Move over quinoa. I have a new crush on a gluten-free grain that has been waiting patiently in the wings to be discovered. I’m not the only one. Allow me to introduce you to kasha, or whole toasted buckwheat, also known as buckwheat groats. By the end of this post, you’ll know how to cook, purchase, and store whole buckwheat, and why you should eat it. Later this week, I will follow up with a recipe for Sesame Carrots with Kasha that is so deliciously dynamite, even your kids might eat it.
You may have tried buckwheat in the form of soba noodles, waffles, or pancakes, but eating buckwheat in whole, unadulterated form is a great way to turn the dial on your health all the way to 11. According to Dr. Andrew Weil, whole buckwheat has a lower glycemic load than items made with buckwheat flour, and is 100% gluten-free, whereas noodles and baked goods made with buckwheat are often mixed with wheat flour.
Nutritionally speaking, kasha is flush with minerals like magnesium, manganese, and iron, as well as essential amino acids, like tyrosine– a key thyroid nutrient. Revered as one of the best plant sources of protein, it contains all eight essential amino acids. One cup has 5.7 grams of protein and 4.5 grams of fiber— the latter of which can help battle constipation sometimes caused by hypothyroidism.
But who wants to eat something just because of a sexy nutrition profile? I got turned on to kasha by other chefs because it tastes good. Danny Bowien of Mission Chinese adds it to his Chinese Caesar, for instance. Prepare for a bit of name-dropping here, but Danny and I were good buds back in culinary school. He’s kind of a big deal these days, and with good reason since he’s revolutionizing the way we think of Chinese food. Go Danny! He was always great with flavor, so I paid attention when I read that he was working Kasha into some of his dishes. It adds an unmistakable flavor that I can only describe as earthy-vegetal. And the texture is chewy, toothsome, and tender all at once.
See? You and kasha need to be friends. Later this week I will post my recipe for Sesame Carrots with Kasha so you can get to know each other.
The Difference Between Kasha and Raw Buckwheat Groats
Before you head off to the bulk-food section, there’s some knowledge you need to take with you. Both kasha and raw buckwheat groats are simply whole buckwheat grains. The difference is that Kasha is toasted, and raw buckwheat groats are not. I recommend purchasing raw buckwheat groats, and toasting them at home in a dry skillet, just before adding water and cooking (see below).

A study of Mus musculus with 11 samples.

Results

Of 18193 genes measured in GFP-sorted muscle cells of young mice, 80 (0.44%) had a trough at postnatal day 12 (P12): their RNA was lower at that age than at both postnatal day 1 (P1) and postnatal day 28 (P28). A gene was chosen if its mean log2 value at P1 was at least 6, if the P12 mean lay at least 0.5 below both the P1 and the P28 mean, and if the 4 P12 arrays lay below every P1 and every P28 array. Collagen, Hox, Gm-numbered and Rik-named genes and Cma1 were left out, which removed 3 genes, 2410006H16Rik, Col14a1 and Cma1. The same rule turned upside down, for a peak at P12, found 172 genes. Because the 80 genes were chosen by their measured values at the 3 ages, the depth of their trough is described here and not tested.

Toasting is important because it affects cooking time (see below). I also suspect it’s why I’ve had some bad experiences with store-bought pre-toasted Kasha. Here’s my theory on that: When toasted in large batches at a factory, some of the kernels become well-toasted, bursting shortly after they begin to cook, and dissolving into a grainy porridge. Other kernels in the batch are less toasted and remain firm long after the others have turned to paste. It’s just a hypothesis, but personally, I’ve found that toasting your own in small batches ensures even toasting, and therefore, even cooking.
Buying Kasha or Buckwheat Groats
Groats are found in the bulk section of many grocery stores. Bob’s Red Mill also sells raw buckwheat groats and Kasha by the bag, though as I mentioned above, I recommend purchasing raw buckwheat and toasting your own Kasha.
Make sure you purchase buckwheat groats, as the term “groats,” is often used to describe whole-grain oats or other types of grain in whole form.
For storing buckwheat groats, the pantry’s okay, but stash them in the fridge or freezer if you want to extend their shelf life.
Cooking Kasha or Buckwheat Groats
I recommend purchasing raw buckwheat kernels and toasting them in a dry skillet for 5 to 10 minutes over medium or medium-high heat, or until fragrant and lightly browned. Stir frequently to avoid scorching. The toasting step for buckwheat groats is important both in terms of adding flavor and shortening cooking time. Toasted buckwheat groats cook in half the time as their raw counterparts. Use 2 cups water to 1 cup toasted groats or kasha, and simmer, covered, for 10 to 20 minutes or until grains are al dente, checking often for doneness. Drain off excess water and enjoy.
If you keep all those details in mind, which I’ve included in the recipe instructions (below), you’ll end up with tender little kernels of yum, rather than buckwheat porridge– which is alright for breakfast, but won’t work in my upcoming recipe for Sesame Carrots with Kasha.
- A cup of kasha or buckwheat groats has 4.5 grams of fiber which can help relieve constipation sometimes associated with hypothyroidism.
- Kasha or buckwheat groats provide 7% RDI of Tyrosine, an essential amino acid important to the production of thyroid hormone.
- Kasha or buckwheat groats contain 7% DV of Zinc, which helps boost the immune system and may help combat inflammation associated with hypothyroidism.
- Buckwheat groats have a very low glycemic load, scoring 14 out of 250, which makes it a good choice for weight loss.